Sunday, June 12, 2011
Facebook's enhanced use of facial recognition and unseen tagging -- a new online reputation risk?
On the heels of reports (documented on my COPA blog now) that lawmakers are looking again at protecting minors – especially their privacy – using social networking sites, Facebook has recently announced it is implementing a new grade of facial recognition technology, so it can encourage more tagging. Some of this is already in place, although many Facebook users may not know it.
One of the leading articles appeared June 8 in PCWorld, “Why Facebook’s Facial Recognition is Creepy”, by Sarah Jacobsson Purewal, link here.
You can opt out of involvement in this exposure – an many critics say that “opt out” is too much work – we’ve seen this with the “do not track” debate already . The “Tech Savvy” column by Jessica Guynn in the Los Angeles Times explains how to opt out, here.
Information Week has a blog posting that Facebook’s “fy” attitude toward privacy may fly with home users but not with businesses and enterprises that are helping provide Facebook with so much of its revenue (indirectly) here.
It used to be that consumers and “ordinary people” were appropriately sensitive about being photographed in public, except in an incidental manner. That was a big concern in the gay community where people feared being seen “accidentally” on television at gay pride events (this is Pride Weekend in Washington DC) or even at gay churches. Warning signs used to be posted at gay events about media photography possibilities (and sometimes still are). Until recently, it could have been a big problem for members of the military (under the way “don’t ask don’t tell” was sometimes enforced).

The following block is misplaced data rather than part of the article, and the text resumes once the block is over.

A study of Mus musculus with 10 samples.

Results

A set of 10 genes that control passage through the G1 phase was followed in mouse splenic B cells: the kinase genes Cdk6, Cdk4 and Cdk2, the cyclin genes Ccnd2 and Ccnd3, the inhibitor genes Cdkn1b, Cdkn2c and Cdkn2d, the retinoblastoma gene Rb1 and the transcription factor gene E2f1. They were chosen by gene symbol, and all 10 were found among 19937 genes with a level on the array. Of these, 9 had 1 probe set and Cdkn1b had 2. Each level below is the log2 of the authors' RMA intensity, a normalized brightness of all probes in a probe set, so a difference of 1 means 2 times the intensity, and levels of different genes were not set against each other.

That’s one reason why it surprises me that Facebook acts so blasé about facial recognition.
We hear a lot about the technology in security areas – even with the TSA. It’s hard for me to believe it can be that reliable. It’s amazing easy to mix people up if they look a bit alike (how many look-a-likes came forward to copy Bill Clinton?) and incidental photos of people on the web, taken at some distance, can be hard to identify.
The possibility of being tagged from social appearances (especially in bars) without knowledge could pose online reputation problems for some people in certain areas (like teachers), building on the concerns about employee blogging policies that I’ve already presented here. It could give Michael Fertik and Reputation Defender plenty of new business.
First picture: the "portrait" is mine, taken by my request. But other faces appear in the background. Could any of this really get tagged?